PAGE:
Historically the companies in the utility sector have been seen as very defensive investments. Utilities typically have predictable business operations and high and sustainable dividend yields. Companies in this sector have had a very nice run since the recession. To put it into perspective, lets first look at the iShares Dow Jones U.S. Utilities ETF (NYSEMKT: IDU).
Between November 2012 until just last month, this ETF was on a tear, up more than 20% from its low of $83.28 to a high of $102.69. Since May, it has seen more than a 10% pullback and it’s currently trading at around $93 a share. With a P/E ratio of 16 and a trailing 12-month yield of 3.1%, I feel that this ETF may still be overvalued. The decreased yield also shows that the price may have run up a little bit causing investors to take some profits and move to sectors with greater income opportunities and cheaper price tags.
Does the iShares ETF represent the utility sector as a whole? Every company can’t be overvalued right? Let us look at a couple of the iShares Dow Jones Utilities ETF’s largest holdings: Exelon Corporation (NYSE:EXC) (4.6%) and Dominion Resources, Inc. (NYSE:D) (5.4%) to get a better feel for whether this sector is set to rebound or if it’s headed in a downward spiral.
Nuclear and renewable energy
Exelon Corporation (NYSE:EXC), a utility-services holding company, engages in the energy generation and distribution business in the United States. It is involved in the generation of electricity from nuclear, fossil, hydro, and renewable energy sources; and is engaged in the wholesale and retail customer supply of electric and natural-gas products and services. These include renewable energy products, risk management services, and natural-gas exploration and production activities.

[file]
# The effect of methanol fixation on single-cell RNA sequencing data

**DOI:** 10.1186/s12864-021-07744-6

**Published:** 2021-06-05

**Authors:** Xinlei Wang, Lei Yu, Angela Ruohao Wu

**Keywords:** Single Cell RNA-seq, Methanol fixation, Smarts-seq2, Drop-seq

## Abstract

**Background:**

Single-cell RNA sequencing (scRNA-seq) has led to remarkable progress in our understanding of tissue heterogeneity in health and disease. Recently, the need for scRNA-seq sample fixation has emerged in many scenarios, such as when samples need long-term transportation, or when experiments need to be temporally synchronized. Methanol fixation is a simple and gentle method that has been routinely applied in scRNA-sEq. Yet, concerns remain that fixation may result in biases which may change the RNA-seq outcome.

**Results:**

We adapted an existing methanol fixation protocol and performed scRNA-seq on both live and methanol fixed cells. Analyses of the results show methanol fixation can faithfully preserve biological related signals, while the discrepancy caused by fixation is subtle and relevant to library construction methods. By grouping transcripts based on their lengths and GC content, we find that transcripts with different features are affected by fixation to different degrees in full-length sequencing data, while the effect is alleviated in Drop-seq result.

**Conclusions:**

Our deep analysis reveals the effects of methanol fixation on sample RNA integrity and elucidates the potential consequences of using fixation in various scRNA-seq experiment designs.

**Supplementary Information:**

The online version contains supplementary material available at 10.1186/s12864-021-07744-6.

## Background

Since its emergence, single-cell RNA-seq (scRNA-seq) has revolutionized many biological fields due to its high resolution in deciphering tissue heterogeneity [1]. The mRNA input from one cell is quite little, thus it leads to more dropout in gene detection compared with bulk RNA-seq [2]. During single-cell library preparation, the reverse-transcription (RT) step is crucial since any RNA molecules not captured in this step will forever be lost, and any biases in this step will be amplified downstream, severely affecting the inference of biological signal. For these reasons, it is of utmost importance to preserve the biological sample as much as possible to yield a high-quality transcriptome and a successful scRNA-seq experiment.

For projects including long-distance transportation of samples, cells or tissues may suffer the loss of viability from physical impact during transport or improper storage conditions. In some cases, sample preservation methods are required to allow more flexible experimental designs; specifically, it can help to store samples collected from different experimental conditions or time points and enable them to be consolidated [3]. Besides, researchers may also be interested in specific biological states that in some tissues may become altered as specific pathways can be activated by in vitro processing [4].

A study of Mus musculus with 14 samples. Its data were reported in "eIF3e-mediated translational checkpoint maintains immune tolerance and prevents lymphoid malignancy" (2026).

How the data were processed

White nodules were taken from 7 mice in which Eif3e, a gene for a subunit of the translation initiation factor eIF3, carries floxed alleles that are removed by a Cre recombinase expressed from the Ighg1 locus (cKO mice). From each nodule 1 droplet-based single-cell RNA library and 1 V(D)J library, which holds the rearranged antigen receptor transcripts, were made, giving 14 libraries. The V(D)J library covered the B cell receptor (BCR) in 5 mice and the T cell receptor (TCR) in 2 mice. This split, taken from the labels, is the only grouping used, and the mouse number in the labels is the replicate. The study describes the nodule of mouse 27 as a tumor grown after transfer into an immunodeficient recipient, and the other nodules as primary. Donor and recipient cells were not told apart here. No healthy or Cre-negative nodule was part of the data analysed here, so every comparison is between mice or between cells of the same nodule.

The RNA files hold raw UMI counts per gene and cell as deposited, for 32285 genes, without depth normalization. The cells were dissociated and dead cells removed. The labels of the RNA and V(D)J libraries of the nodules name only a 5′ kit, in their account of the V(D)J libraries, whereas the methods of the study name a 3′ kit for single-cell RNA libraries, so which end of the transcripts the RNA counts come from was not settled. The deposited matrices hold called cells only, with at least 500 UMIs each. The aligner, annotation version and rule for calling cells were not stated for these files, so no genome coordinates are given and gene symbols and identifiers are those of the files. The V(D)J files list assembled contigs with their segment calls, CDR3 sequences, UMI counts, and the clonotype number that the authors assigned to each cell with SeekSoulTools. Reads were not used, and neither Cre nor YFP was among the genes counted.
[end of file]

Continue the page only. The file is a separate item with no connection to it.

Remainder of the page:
Exelon Corporation (NYSE:EXC) currently trades at 13.4 time forward earnings. The company was able to post revenue growth of 29.7% for Q1 2013. Exelon has a dividend yield of 4% with a payout ratio of 178%. This elevated payout ratio means that a dividend cut could occur with even small earnings fluctuations.
One area where Exelon Corporation (NYSE:EXC) excels and distinguishes itself from other utility companies is that a bulk of its energy generation comes from sources outside of coal or natural gas. More than 50% of Exelon’s power generation comes from nuclear sources, but the company is also expanding into other energy opportunities.
Exelon Corporation (NYSE:EXC) operates 44 wind projects with close to 1,300 MW of capacity with plans to invest $80 million in smart-grid upgrades. This focus on renewable energy is important for the long-term growth potential of Exelon as the US continues to decrease its reliance on energy generated from burning fossil fuels.
Natural gas diversification
Dominion Resources, Inc. (NYSE:D), together with its subsidiaries, engages in producing and transporting energy in the United States. The company operates through three segments: Dominion Virginia Power (DVP), Dominion Generation, and Dominion Energy, primarily providing power to resident s of Virginia and North Carolina.
The company trades at 15.3 forward earnings with a price-to-sales ratio of approximately 2.4, well ahead of the industry average of 1.1. Dominion Resources, Inc. (NYSE:D) currently sports a yield of 4% with a payout ratio above 400%. Similar to Exelon, the dividend is exposed to a potential cut if earnings were to take a turn in the wrong direction.
Another area of concern for Dominion Resources, Inc. (NYSE:D) is its balance sheet. The company only carries about $0.06 cash per share with debt topping $21 billion. With a debt-to-equity ratio of 197.8 and a current ratio of just 0.7, Dominion needs to be proactive about debt management going forward.